Tragedy at Sea

  • Five boats sank, 66 boats retired from the race, six sailors died, and 55 sailors were taken off their yachts, most by helicopter.
  • First across the line on December 29 was the US maxi yacht Sayonara owned by Larry Ellison.
  • Over-all winner on handicap was Midnight Rambler owned by Ed Psaltis and Bob Thomas which finished 10th across the line. It was the smallest yacht in a decade to win the race.
  • A coroner's inquest was held on the race deaths.

The winners

  • Overall winner: AFR Midnight Rambler, Ed Psaltis/Bob Thomas, NSW
  • Line honors: Sayonara, Larry Ellison, USA — 2:19:03:32

Coroner's findings

On December 12, 2000, two weeks before the start of that year's Sydney to Hobart Yacht Race, New South Wales Coroner John Abernethy handed down his findings on the 1998 race deaths, saying the Cruising Yacht Club of Australia had "abdicated its responsibility to manage the race."

"From what I have read and heard, it is clear to me that during this crucial time the race management team played the role of observers rather than managers and that was simply not good enough," the coroner said.

Six deaths

The six sailors who died during the storm-ravaged 1998 Sydney to Hobart Race were Phillip Charles Skeggs (Business Post Naiad), who drowned on December 27; Bruce Raymond Guy (Business Post Naiad), who died of a heart attack; John Dean, James Lawler and Michael Bannister (all on the Winston Churchill) who drowned on December 28; and Glyn Charles (Sword of Orion) who drowned on December 28.

The Bureau of Meteorology was also criticised for not doing more to alert the club of an upgraded forecast on the severe storm south of Eden (close to the New South Wales-Victoria border) nearly a day before the fleet was due there.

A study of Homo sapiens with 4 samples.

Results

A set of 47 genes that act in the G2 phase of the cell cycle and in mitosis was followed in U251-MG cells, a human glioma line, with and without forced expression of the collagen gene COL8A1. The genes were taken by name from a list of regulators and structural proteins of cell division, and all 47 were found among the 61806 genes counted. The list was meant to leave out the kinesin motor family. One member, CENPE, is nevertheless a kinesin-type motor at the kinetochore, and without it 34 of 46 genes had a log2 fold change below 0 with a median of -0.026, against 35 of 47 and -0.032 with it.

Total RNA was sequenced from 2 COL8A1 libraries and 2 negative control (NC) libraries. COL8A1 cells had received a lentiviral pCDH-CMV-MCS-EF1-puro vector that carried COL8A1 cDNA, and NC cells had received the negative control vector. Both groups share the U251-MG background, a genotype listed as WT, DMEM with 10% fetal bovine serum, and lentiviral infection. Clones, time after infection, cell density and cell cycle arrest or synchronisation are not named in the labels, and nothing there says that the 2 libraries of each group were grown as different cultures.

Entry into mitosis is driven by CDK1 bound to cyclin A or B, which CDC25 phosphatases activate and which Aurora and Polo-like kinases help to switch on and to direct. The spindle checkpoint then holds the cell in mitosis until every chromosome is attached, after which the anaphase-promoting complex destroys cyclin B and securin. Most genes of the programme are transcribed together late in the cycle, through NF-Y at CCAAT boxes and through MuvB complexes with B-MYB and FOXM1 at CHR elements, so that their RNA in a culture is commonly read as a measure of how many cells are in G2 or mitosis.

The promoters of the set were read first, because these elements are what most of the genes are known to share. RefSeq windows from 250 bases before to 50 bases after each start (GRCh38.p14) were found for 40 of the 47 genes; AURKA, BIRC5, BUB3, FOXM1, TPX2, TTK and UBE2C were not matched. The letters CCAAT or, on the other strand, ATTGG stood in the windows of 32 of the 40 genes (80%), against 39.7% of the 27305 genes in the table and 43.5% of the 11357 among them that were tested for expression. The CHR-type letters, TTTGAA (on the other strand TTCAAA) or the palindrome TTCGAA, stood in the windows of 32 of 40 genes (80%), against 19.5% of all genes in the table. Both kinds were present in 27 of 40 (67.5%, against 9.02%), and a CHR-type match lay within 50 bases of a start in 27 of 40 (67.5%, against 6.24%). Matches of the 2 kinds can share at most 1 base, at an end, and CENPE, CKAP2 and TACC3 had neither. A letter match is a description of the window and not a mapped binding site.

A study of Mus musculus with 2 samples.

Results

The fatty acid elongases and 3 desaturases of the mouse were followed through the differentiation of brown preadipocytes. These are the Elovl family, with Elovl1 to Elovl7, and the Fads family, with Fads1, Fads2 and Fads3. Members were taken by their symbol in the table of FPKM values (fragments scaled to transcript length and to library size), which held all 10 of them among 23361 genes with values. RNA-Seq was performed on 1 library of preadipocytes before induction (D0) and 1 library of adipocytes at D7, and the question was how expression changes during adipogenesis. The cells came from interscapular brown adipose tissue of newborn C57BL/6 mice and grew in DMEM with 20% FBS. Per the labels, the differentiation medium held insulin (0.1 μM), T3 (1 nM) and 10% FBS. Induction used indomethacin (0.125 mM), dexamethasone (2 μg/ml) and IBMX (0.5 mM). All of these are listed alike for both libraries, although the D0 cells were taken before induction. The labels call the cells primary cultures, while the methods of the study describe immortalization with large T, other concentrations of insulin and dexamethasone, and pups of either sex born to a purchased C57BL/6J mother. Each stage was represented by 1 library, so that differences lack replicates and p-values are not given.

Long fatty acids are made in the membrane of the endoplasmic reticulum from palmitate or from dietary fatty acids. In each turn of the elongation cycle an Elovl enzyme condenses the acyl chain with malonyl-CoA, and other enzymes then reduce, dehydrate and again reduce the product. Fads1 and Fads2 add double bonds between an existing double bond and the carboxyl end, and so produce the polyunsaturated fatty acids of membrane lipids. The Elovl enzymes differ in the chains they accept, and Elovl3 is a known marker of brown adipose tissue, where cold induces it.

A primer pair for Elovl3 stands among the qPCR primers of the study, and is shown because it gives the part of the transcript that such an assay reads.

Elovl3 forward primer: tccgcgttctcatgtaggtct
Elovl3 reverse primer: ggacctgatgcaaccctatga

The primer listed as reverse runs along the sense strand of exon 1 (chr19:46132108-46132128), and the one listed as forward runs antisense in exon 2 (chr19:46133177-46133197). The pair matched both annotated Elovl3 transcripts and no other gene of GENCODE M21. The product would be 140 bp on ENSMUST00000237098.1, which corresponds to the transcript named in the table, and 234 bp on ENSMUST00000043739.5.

Safety precautions

Coroner Abernethy praised the Cruising Yacht Club for having taken safety precautions after the 1998 race and made a number of recommendations. He also said the weather bureau should add maximum wind gusts and maximum wave heights to its forecasts.

Resignation

On December 13, a day after the State Coroner's findings, race director Phil Thompson resigned his position.

He was race director in 1998 and, until his resignation, held that position for the 2000 race.

The coroner had said in his report: "Mr Thompson's inability to appreciate the problems when they arose and his inability to appreciate them at the time of giving his evidence causes me concern that (he) may not appreciate such problems as they arise in the future."

The coroner found Thompson responsible for the error which saw the yacht Business Post Naiad allowed into the race despite having a poor stability rating than required.